BEIJING - U.S. and North Korean financial experts met Tuesday over Washington's campaign to isolate the communist country from the international banking system, the key stumbling block in negotiations over Pyongyang's nuclear program.
The meeting came on the sidelines of renewed multinational nuclear negotiations, which North Korea had refused to attend for 13 months in anger over Washington's blacklisting of a Macau bank where Pyongyang deposited $24 million.
The U.S. alleged the bank was complicit in the North's counterfeiting of $100 bills and money laundering to sell weapons of mass destruction. American officials have sought to rally other countries to bar any North Korean accounts, saying all the country's transactions are suspect.
The North and U.S. delegations also held their first one-on-one meeting over the nuclear standoff Tuesday afternoon, the Chinese press center said.
All six nations involved in the nuclear negotiations - the two Koreas, Russia, China, Japan and the U.S. - met for two hours Tuesday morning at a Chinese state guesthouse in the second day of talks. Negotiators focused on the logistics of implementing a pledge made by the North in September 2005 to abandon its nuclear weapons program in exchange for security guarantees and economic aid.
During its long boycott of talks, North Korea test-fired a new long-range missile in July and then set off an underground atomic blast Oct. 9. The country agreed to return to negotiations because the U.S. said it could discuss the financial issue in separate meetings.
Representing the U.S. at the financial talks was Daniel Glaser, the Treasury Department's deputy assistant secretary for terrorist financing and financial crimes. The North Korean delegation was led by O Kwang Chol, president of the North's Foreign Trade Bank of Korea. The talks were held at the U.S. Embassy, an embassy official said on condition of anonymity because of policy.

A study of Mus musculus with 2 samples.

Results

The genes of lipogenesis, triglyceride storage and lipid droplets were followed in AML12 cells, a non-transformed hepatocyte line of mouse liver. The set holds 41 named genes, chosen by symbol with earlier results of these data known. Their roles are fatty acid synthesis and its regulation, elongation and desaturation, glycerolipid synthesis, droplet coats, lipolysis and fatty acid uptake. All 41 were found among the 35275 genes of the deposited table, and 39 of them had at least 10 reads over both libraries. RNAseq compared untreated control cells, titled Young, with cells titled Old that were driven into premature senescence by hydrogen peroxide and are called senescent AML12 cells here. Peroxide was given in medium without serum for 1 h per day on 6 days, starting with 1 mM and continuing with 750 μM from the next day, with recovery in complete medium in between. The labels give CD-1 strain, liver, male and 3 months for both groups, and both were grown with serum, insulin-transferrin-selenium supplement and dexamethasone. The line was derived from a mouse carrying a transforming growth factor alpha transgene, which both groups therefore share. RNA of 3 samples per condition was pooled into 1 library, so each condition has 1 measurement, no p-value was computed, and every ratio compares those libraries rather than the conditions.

Chinese Foreign Ministry spokesman Qin Gang said at a regular news briefing that Beijing hopes the two sides can "solve the issue properly."
"We wish to see them make positive achievements that we believe will facilitate the process of the (nuclear) talks," he said.
It is unlikely, however, that the U.S. would bow to the North's demands to remove the restrictions because Washington views them as a legal defense against criminal activity.
The isolated regime staked out a tough position as the six-nation talks opened Monday, demanding a long list of previously stated preconditions for its disarmament, including the lifting the U.S. financial restrictions and all U.N. sanctions.
North Korea also insisted it be treated as a full-fledged nuclear power, meaning the arms reductions should be mutual. But the United States has said time was running out for Pyongyang to dismantle its nuclear arsenal and threatened more sanctions.
U.S. envoy Christopher Hill told reporters Tuesday morning that "not too much progress" had been made toward implementing the North's 2005 agreement to disarm.
A South Korean official said some countries proposed forming working-level groups to implement the deal and "there have been many opinions on the issue."
"But no consensus has been reached and the issue is still in discussion," the officials said on condition of anonymity due to the sensitivity of the diplomacy.
The meetings "were held in a much more serious atmosphere," he said. "The countries "could better understand each other's position."
Pyongyang has insisted that the talks be transformed into negotiations over mutual arms reductions in which it would be accorded equal footing with the United States. If its demands aren't met, the North said it would increase its nuclear arsenal.
"It is extremely regrettable that North Korea claims to be a nuclear weapons state," Japan's chief Cabinet spokesman Yasuhisa Shiozaki said Tuesday in Tokyo. "While the comments were expected, nonetheless, the discussions should be more positive to bring about progress."
The latest North Korean nuclear crisis erupted in 2002 after U.S. officials said the North had admitted to a secret nuclear program in violation of a 1994 disarmament deal, leading to the North's withdrawal from the Nuclear Nonproliferation Treaty.
North Korea is believed to have enough radioactive material to make about a half-dozen atomic bombs, and its main nuclear reactor remains in operation to create more weapons-grade plutonium.